Jason Wilsher-Mills: ‘I reflect disability in everything I do’
With a new commission on show as part of the Creative Folkestone Triennial 2021, digital artist Jason Wilsher-Mills describes the humour and activism at play in his colourful sculptural works.
Who is Jason Wilsher-Mills?
Born in 1969, Jason Wilsher-Mills developed chronic polyneuropathy, a neurological disease that affects the blood cells, at the age of 11, which, for five years, left him paralysed from the neck down and still affects his mobility today. Following a period of remission, in which he studied fine art and made paintings, Wilsher-Mills bought himself an iPad and began using technology to help him make large-scale – often inflatable – sculptures and work employing augmented reality (AR). The fibreglass sculpture I Am Argonaut, commissioned for this year’s Creative Folkestone Triennial, is installed opposite the town’s statue of William Harvey (1578-1657), the Royal Physician credited with the first description of the human circulatory system.
Q. How has your experience of disability informed your creativity?
I got the Triennial commission in part because of receiving the Adam Reynolds Award from Shape Arts – a disability-led arts organisation. I come from the ‘Mel Brooks’ school of making art. He is a Jewish American comedian, who was greatly affected by the Second World War, and, as a result, decided to take on the Nazis and fascism with comedy and film. He said you should put the thing that ails you in a tutu and make it ridiculous. I take things one step further – I want to make it beautiful as well.
Becoming a digital artist was, in essence, a pragmatic solution to not being able to make large paintings any more. I wear glasses because I can’t see very well; I use a wheelchair because I can’t walk very well. By embracing the pixel, I entered a new universe where I started making sculptures and working with AR. I thought it was cheating, almost immoral, because I used to make my own paint and be really committed to the craft of painting. It all had to be pure. When the disability meant I couldn’t do that, I got an iPad and ran away with the circus!
I always say my work is the Beano meets I, Daniel Blake [between comic strip and social-comment film], and I am in the middle somewhere, between the two art forms. I can honestly say this sculpture is the most personal thing I’ve ever created. With William Harvey, the connection was almost personal. There’s a lot of history in it in terms of Harvey, merged with my own biography as a disabled artist. The sculpture is cut down the middle: half of it looks like a tattooed guy with a mask and psychedelic Y-fronts; the other half shows the interior anatomy of the body. I’ve shown where I’ve had operations, and I’ve written a diary in the form of tattoos, reflecting what happened to me as a kid, and what’s going on now. It’s serious, but I want it to make you smile.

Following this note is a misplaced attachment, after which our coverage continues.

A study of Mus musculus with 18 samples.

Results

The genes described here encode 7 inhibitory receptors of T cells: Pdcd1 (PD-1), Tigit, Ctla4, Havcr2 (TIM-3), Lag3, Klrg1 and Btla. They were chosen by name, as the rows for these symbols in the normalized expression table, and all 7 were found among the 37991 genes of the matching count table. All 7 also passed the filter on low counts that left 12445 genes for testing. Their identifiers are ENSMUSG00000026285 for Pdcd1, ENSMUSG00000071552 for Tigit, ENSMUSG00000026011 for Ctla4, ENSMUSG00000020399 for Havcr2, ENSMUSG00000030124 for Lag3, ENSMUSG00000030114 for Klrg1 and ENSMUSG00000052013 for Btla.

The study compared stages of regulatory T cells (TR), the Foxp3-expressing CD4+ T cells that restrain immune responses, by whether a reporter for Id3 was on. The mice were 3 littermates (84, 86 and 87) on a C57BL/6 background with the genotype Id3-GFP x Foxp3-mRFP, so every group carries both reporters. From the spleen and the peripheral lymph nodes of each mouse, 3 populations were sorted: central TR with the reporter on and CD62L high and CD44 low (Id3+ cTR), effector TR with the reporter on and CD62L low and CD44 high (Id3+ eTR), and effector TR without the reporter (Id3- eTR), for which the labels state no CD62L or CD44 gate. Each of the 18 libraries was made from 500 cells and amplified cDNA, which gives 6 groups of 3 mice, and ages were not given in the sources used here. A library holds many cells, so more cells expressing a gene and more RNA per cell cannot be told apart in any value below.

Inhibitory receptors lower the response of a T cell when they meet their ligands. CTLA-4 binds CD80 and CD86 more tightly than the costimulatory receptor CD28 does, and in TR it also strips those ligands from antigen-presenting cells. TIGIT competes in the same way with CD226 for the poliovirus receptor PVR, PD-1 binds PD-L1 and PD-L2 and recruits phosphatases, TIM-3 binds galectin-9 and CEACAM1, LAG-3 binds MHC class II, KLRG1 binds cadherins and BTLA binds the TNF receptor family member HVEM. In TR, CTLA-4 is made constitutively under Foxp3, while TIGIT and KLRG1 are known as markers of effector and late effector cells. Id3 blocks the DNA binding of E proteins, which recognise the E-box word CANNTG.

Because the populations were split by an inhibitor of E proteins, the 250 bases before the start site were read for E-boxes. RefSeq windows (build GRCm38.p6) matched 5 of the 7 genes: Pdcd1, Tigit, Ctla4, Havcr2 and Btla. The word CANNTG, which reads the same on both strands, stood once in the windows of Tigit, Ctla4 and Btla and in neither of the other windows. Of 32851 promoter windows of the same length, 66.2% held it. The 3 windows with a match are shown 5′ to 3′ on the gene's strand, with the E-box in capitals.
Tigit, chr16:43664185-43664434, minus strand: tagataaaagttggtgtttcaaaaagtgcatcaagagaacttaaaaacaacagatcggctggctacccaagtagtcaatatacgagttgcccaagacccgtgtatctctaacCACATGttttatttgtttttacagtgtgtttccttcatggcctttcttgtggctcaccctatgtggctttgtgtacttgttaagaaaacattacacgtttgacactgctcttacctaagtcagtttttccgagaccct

I like to keep my mistakes, all my little jitters, in the finished piece. That’s what shows it was made by a person
I was designing the work during lockdown, when I was shielding. I was questioning what life is about. I thought about a beating heart, because Harvey discovered how our circulation works, and the heart is something that is in all my work in some form or other. Between Harvey and my sculpture, there’s going to be this AR experience, available via a free, downloadable app. Basically, your camera phone picks up points that get reflected on to an AR heart, which appears as if out of thin air. Then these AR arteries wrap around my sculpture and Harvey’s statue in a snake-like movement.
I work with a company called Hot Knife Digital Media. I commission them to build what I need, but I orchestrate everything on my Wacom tablet or iPad Pro. I do all the sketches and choreograph it. I wear mo-cap [motion capture] gloves and send videos and mood boards. I work on the tablet in the same way I used to paint. All I see is about three square inches of the image because I have it really zoomed in.
I Am Argonaut took 123 hours to design. I like to keep my mistakes, all my little jitters, in the finished piece. That’s what shows it was made by a person. Digital art tends to be very precise, so really I should be called an analogue-digital artist. Hot Knife understand that. I always acknowledge their role, but they are the first to make clear that it is my work.
I was named after [mythological Greek hero] Jason from the story of Jason and the Argonauts. For me, ‘Argonaut’ has become shorthand for both ‘hero’ and somebody with a disability. I reflect disability in everything I do because it’s part of my life, and there’s a lot to be vocal about, particularly when nobody bats an eyelid at 60 per cent of the people who died from Covid [during the first wave of the pandemic in 2020] being disabled.
My work contains a lot of references hidden in plain sight. I call it ‘Trojan Horse art’. People think it’s one thing – colourful, funny etc – but don’t realise it’s a form of activism. Theatricality and humour are a big part of it. I don’t want to live my life in anger. If you’re angry, you lose focus; if you’re laughing, you’re living.
Interview by Anna McNay.
A version of this article first appeared in the summer 2021 issue of Art Quarterly, the magazine of Art Fund.
Creative Folkestone Triennial 2021: ‘The Plot’, various locations, Folkestone, 22 July to 2 November. Free to all.